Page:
By Jubin Katiraie

Teachers and students from 37 villages in Khuzestan Province are being forced to use boats or rafts to cross the river to get to school, which has led 20% of students, especially girls, to drop out of school.

The inhabitants of the 37 villages in Bavi county, Khuzestan Province have to commute by boat to the school because there is no bridge, but riding rafts and boats is not safe, especially as the country enters autumn and the rainy season.

However, the governor of Bavi said that the county can’t “do anything”, even build a bridge. Instead, he says that they’ll just “have to wait for the army”.

The floating bridge of Bavi county was washed away during the flash floods in spring 2019 that affected 31 Iranian provinces, including Khuzestan, where the resulting problems seem endless. (The flash floods destroyed the infrastructures of many cities and villages across  Khuzestan, with perhaps the most conspicuous example being in the provincial capital of Ahvaz, where the sewage system’s pipelines broke and black water poured into the streets.)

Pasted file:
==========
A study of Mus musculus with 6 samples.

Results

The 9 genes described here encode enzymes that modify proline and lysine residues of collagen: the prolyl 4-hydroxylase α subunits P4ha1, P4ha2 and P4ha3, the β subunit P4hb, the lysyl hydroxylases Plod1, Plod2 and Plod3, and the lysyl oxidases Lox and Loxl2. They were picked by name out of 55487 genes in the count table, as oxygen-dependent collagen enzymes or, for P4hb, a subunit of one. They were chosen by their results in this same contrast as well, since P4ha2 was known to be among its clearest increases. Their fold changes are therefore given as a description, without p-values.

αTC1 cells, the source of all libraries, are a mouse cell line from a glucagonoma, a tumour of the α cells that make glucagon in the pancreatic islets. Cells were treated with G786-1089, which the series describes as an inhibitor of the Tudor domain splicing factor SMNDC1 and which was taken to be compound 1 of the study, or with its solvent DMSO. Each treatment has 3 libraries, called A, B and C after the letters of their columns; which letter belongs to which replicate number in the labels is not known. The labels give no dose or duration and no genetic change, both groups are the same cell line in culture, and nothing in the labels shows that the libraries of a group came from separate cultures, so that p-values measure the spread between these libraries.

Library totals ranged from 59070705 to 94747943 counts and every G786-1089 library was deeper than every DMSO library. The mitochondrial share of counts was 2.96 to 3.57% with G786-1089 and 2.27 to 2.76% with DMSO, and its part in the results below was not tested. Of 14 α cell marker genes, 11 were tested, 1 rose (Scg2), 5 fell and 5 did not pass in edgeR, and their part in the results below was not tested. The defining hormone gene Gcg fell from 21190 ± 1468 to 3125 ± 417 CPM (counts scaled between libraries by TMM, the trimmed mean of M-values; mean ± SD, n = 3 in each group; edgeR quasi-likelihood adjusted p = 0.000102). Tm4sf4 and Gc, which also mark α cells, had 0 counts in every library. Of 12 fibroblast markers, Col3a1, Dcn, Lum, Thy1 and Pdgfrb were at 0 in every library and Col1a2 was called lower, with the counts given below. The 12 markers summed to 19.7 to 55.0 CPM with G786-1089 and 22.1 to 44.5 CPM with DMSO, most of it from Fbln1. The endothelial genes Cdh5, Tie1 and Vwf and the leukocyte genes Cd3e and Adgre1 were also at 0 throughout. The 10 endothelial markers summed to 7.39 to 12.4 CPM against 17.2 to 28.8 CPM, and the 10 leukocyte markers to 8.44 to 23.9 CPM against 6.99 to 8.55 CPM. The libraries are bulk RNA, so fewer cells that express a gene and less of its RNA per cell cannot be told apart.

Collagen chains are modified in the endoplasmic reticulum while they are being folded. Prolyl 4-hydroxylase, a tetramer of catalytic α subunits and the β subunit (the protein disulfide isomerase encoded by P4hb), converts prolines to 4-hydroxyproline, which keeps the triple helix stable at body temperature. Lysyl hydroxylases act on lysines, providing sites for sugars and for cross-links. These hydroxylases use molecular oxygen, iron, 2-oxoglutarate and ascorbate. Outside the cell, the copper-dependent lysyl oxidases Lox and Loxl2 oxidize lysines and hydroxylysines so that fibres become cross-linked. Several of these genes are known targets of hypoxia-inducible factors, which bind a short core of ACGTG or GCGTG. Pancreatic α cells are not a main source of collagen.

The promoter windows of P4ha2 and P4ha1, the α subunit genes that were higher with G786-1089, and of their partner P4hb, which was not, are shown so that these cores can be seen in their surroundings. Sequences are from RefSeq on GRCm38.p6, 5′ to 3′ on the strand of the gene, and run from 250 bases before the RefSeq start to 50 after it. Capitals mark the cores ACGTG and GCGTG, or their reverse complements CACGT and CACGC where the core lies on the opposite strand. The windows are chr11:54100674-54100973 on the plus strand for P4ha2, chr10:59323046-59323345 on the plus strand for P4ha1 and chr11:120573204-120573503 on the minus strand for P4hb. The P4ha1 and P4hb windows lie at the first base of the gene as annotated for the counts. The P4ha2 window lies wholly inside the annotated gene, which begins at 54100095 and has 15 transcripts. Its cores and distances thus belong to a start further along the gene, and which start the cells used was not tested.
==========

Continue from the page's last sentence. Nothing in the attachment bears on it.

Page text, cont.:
One environmental expert, who was speaking about the quality of the bridges built in Bavi county, said: “Some 400 bridges in this area which were less than 50 years old were destroyed in the recent floods. While the Sassanid bridges which are 2000 years old are still standing. This is indicative of mismanagement and weak design in our contemporary engineering regime.”

The problem is that a great number of the children (some 200 children in the Sherimeri village alone) cannot commute via boat or raft for a number of reasons, which means that there has been a 20% increase in the number of students dropping out of school as the new school year started.

Another problem is that 10% of the village inhabitants are teachers, who also find it difficult and dangerous to commute by boat. As most of the classes have not yet convened, many teachers have been forced to emigrate from this area. While this is disruptive to the teachers, it also means that there will be fewer teachers for the children who are left, possibly leading to more kids dropping out of school.

Amin Elhaii, director of one of Bavi schools, said, “We have repeatedly met with provincial and county officials bringing up the problem that there are no bridges for the villages in the east of Bavi county. Unfortunately, we have not reached any results.”